US Expatriation: Look before you leap
We have blogged in the past about the general expatriation rules and proposed regulations concerning covered expatriates. Today, we thought we would dig a little deeper and alert the reader to some specific issues that they should be aware of prior to giving up their US citizenship.
First and foremost, one should take steps to avoid being a covered expatriate (for starters, a covered expatriate faces a possible exit tax on deemed sale of their assets). This may require some time and planning (such as using your lifetime gift allowance of $5.49 million, in 2017, to reduce your net worth below the $2 million amount discussed below) and will possibly delay the year in which you can safely expatriate. However, the potential tax savings in most cases warrants the additional steps required to be considered a non-covered expatriate.
Simply put, if your net worth is under $2 million, your average tax liability for the prior five years is less than $162,000 (for 2017), you have been compliant with your US tax filings for those prior five years and file the required final year tax forms, you should be considered a non-covered expatriate. As well, if you are a dual-citizen by birth of the country you are residing in when you renounce and the US and you did not reside in the US for more than 10 years during the 15 year period ending with the tax year during which you expatriated, you can qualify for an exception to the covered expatriation status with regard to the $2 million net worth requirement and average tax liability requirement (assuming you exceed either of these thresholds), but you still must be compliant with your prior five years of US tax filings.
If you are unlucky enough to be considered a covered expatriate, there are still some steps to potentially take to avoid possibly expensive pitfalls. One such pitfall is concerning ‘eligible deferred compensation’. The typical eligible deferred compensation item for most people is their US pension plan (typically a 401K plan) or stock options (both vested and unvested). If treated incorrectly, it will be subject to a lump sum tax at expatriation. To avoid that, form W-8CE must be filed with the plan administrator the earlier of 30 days from expatriation or the day prior to the first distribution on or after the expatriation date. Failure to do so results in the item being converted into an ineligible deferred compensation item, which under the exit tax rules is taxed on a lump sum basis (even though the taxpayer would not receive any actual distribution from the plan currently, they would be required to pay the tax as if the entire plan were distributed on the day before expatriation). This is a very harsh penalty and something that is easy to overlook.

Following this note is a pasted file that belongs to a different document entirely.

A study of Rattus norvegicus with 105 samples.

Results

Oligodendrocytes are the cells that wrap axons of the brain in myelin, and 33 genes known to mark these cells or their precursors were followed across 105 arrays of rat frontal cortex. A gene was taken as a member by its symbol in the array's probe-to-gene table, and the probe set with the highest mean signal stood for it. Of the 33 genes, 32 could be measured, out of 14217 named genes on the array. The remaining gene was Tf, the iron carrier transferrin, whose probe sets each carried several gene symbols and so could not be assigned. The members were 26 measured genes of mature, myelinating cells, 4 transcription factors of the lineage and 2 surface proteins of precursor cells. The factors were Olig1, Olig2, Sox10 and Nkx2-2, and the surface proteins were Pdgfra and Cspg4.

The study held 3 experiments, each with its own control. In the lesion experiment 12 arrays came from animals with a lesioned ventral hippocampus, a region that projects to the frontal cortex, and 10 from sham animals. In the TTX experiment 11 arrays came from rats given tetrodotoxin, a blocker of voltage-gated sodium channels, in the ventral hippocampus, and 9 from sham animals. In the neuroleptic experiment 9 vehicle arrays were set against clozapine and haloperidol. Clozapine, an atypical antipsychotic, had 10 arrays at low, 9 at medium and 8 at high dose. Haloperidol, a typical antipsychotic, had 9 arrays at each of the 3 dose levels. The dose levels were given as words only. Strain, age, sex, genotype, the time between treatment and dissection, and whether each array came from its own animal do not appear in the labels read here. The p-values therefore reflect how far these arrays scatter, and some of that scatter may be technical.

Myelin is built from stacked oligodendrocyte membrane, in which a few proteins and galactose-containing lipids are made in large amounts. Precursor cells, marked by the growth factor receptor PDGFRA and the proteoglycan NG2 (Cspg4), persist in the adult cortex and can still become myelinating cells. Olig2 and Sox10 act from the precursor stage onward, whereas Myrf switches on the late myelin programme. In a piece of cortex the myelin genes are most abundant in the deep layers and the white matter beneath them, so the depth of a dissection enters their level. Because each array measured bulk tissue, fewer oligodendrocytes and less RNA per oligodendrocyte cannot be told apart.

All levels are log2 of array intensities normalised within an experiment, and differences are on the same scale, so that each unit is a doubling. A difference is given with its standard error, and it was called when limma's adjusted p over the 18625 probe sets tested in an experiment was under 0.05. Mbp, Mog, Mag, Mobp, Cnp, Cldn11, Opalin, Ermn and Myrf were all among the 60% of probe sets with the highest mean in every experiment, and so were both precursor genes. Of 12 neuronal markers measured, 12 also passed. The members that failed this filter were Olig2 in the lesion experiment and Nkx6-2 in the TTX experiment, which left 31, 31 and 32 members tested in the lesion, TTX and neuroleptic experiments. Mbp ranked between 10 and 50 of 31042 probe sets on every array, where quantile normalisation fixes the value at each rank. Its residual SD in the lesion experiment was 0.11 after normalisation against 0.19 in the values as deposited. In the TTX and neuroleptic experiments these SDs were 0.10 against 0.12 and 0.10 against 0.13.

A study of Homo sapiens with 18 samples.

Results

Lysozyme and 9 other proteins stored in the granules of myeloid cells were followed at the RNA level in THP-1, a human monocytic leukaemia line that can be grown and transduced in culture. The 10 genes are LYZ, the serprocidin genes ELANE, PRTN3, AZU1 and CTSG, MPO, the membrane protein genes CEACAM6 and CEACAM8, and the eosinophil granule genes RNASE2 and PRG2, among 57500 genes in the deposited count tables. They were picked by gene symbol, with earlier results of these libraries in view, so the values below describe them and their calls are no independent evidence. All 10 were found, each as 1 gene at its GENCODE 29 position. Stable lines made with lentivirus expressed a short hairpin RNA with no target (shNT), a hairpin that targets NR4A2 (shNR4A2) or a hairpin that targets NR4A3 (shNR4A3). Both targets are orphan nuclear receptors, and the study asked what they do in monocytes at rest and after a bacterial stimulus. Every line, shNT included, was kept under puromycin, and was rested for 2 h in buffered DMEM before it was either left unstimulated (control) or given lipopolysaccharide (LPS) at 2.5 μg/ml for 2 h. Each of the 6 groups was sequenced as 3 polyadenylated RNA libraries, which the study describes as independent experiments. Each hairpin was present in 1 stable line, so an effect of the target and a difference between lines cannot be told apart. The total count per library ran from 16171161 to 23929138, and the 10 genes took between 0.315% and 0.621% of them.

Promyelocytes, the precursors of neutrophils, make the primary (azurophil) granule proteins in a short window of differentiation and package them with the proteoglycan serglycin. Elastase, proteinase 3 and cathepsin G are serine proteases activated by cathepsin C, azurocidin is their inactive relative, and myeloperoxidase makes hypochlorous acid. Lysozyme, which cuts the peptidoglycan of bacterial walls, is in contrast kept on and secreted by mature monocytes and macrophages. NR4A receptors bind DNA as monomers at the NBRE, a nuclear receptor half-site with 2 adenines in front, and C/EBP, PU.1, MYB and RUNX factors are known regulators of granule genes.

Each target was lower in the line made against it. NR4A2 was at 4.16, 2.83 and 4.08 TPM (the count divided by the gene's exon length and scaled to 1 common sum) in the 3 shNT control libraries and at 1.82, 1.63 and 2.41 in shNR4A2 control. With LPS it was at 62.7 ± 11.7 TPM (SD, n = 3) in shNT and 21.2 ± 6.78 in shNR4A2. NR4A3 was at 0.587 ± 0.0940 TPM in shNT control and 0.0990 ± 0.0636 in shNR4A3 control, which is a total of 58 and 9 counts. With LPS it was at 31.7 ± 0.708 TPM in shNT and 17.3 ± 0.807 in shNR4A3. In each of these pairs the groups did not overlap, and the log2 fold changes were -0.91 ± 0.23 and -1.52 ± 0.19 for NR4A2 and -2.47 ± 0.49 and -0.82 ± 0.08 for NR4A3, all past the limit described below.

If form W-8CE is properly filed, the plan provider will withhold a flat 30% on future distributions. Depending on the individual covered expatriate, they may be able to apply a tax treaty to obtain more favourable tax rates than are typical under the US tax code. For example, Swiss residents are able to avoid US tax on US pension distributions by utilizing the US/Swiss tax treaty which states that the taxpayers’ country of residence has the right to tax pension distributions. The covered expatriate would need to file a non-resident tax return (1040NR) to claim the treaty position and request a refund of the 30% tax withheld.
Another item that may require action before expatriating concerns one’s principal residence. Assuming one meets specific IRS rules, there is an exemption of up to $250,000 per spouse available on gain associated with the sale of one’s principal residence. It is currently unclear if this exclusion is available under the exit tax rules when the home is not actually sold. Until such time that this issue is clarified by the IRS, thought should be given to selling the principal residence prior to expatriation to properly claim the exclusion. The potential tax savings is in the realm of $100,000 (20% long term capital gains rate on up to $500,000 of gain excluded assuming both spouses qualify).
Another issue to consider is the utilization of the gift and estate tax exemption. If one has not used up their full gift and estate tax exemption (currently $5.49 million per person for 2017), they may want to think about making gifts prior to expatriation, even if to do so will not lower your net worth to less than $2 million. Assuming one is a covered expatriate, under the current rules, any gift or inheritance made after you expatriate to a US person will be taxed at 40% and the tax is payable by the recipient US person. Therefore, it makes sense to use up this exemption prior to expatriation.
These are just some of the issues to be aware of when contemplating renunciation of your US citizenship (long term green card holders planning to give up their green card also face the same issues). The exit tax rules are complex and generally require professional tax help. We deal with these issues every day. Contact us if you are planning to renounce your US citizenship.